Coherence and Time Alignment awareness

The problem of incoherent sound production is constantly present at the time you mix two or more microphones on the same environment. Such microphones are going to pick up similar sounds signals or said technically, much correlated signals taken in the same time but in different places.
  • Two or more people each wearing a lapel or lavalier microphone. The same sound source is picked up by every microphone. Even though the signal level differs from one mic to another, the small delay produces a slight but very evident comb filter effect.
  • Classical music multi-microphone recording where a main stereo pair (coincident or not) is used and multiple spot microphones are also distributed within the orchestra. This mix is severely blurred due to scattered sound repetitions.
  • Recording of a gig (in an open or closed venue like the Royal Albert Hall) where  the ambience microphones are picking up the audience together with the very delayed  direct sound.
  • Broadcasting something big, like a sports event, where signals travel through different paths. The international sound usually comes along together with the video signal, maybe embedded with it,  and the unilateral or personalized sound comes via an ISDN line or a  different satellite link. Delays in these situations can be really enormous.
This issue could be surnamed as acoustical pollution or acoustical  leakage. You end up getting sounds when (not where) you do not want them. Sound technology often involves placing several  microphones in a given environment. This is easy to understand. But problems arise when we have several sound sources pretty close together or when a  dominant sound source is louder than the rest. Each microphone picks up it is designated sound source, but also the stray sound waves from the other surrounding sound sources. This is such a common situation that it may not seem a like a big problem. If we refer to the microtime issue (a topic you can see in  the forum), we see that on the one hand, the speed of sound is relatively low regarding  the space scale we are dealing with, and on the other hand, the perceptual characteristics of human hearing, in  their adaptation and evolution to the environment, make the sum of a signal with itself minimally delayed result in  artificial and weird information patterns making it difficult for our brains to interpret. This property of human perception, related to the Haas effect, is that we  used to spatially locate sound sources. A nature sciences lecturer would  say the origin of this is an environment adaptation defence mechanism that enables us to locate  where the hungry lion is to run in the opposite direction. Therefore, full microtime understanding and perfect delay management are powerful tools that, when used smartly, can give you the opportunity to produce outstanding sound. Eventually, the mastering of these techniques will become common practice in sound capturing technology. As with most new technological innovations, it will first only be used in large and expensive productions, and as time goes on it will gradually spread to the  rest. The problem with acoustic leakage is as old as the sound technology itself.  Several techniques have been used to cope with the problem:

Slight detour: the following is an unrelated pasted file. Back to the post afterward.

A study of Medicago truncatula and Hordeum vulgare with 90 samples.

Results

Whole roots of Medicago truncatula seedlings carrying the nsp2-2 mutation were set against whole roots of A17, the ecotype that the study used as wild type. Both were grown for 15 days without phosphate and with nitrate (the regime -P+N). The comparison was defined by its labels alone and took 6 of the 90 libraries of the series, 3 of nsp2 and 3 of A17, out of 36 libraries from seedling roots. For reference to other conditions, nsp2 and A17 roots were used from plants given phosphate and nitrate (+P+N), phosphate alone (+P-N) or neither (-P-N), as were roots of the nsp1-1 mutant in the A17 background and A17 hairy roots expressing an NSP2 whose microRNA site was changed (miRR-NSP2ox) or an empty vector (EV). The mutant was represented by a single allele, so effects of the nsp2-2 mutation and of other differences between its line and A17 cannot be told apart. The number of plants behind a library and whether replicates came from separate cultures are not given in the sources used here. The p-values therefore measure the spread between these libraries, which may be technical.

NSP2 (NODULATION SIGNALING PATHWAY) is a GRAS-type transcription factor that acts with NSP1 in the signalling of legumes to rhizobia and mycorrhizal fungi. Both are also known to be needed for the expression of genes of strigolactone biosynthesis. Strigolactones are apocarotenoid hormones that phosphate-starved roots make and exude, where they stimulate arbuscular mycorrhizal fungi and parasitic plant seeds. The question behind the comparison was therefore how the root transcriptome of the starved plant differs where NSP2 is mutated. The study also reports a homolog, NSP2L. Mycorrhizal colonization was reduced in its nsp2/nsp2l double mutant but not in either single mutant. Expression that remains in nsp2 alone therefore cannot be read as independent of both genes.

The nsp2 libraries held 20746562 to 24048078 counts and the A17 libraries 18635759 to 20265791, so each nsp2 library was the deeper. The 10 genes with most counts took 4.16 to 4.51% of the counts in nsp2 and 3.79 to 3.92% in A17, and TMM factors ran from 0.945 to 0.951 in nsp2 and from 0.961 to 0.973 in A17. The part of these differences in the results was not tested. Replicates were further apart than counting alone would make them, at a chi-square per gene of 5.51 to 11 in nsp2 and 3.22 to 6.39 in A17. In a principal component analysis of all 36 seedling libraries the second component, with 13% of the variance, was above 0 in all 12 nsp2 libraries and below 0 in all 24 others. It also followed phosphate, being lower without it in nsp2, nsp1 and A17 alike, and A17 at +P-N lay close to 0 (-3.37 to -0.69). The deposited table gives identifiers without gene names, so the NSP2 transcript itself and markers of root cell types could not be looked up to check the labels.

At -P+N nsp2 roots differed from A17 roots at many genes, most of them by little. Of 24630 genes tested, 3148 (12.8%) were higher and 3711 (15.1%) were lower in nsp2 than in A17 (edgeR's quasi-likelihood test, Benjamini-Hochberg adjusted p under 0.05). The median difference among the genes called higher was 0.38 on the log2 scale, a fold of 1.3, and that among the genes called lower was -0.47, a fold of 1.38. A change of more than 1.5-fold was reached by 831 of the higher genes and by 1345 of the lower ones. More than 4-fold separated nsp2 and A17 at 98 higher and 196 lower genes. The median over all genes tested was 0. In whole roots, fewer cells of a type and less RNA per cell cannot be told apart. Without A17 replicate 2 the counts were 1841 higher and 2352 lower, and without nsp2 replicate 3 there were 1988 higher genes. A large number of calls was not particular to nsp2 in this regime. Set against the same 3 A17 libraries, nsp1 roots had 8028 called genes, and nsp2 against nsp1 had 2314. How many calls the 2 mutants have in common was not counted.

• Placing the microphones as close to the sources as possible to improve the relationship between  desired sound sources' signal with respect to unwanted signals (S/N ratio).
  • Using directional microphones (unfortunately, today we still use first order polar curves -cardioid, hyper and figure eight- these are a timid attempt  to improve the directivity. We will have to wait to see what DSP and  multi-microphone arrays have to offer in the near future).
  • Sound source separation or isolation, whenever possible.
  • Minimizing the impact of sound reinforcement. I’ve always been a fan of personal  in-ear monitors instead of using ‘polluting’ stage wedges.
After all the above techniques have been applied, the only way to improve sound quality even further is to use the time alignment concept. The idea is simple.  If a dominant source is captured by more than one microphone, we have to try to get that dominant source's signal to be perfectly in phase (or aligned in time) throughout the entire mix. It's easier to imagine if you consider the dominant  source being an impulse. OnSoundGo! has been working on this problem for over four years having  created a consistent Time Alignment Theory. They have studied many  examples that prove such premises and finally, they have developed  tools, like their OnTime plug-in, to detect, measure and quantify alignment problems.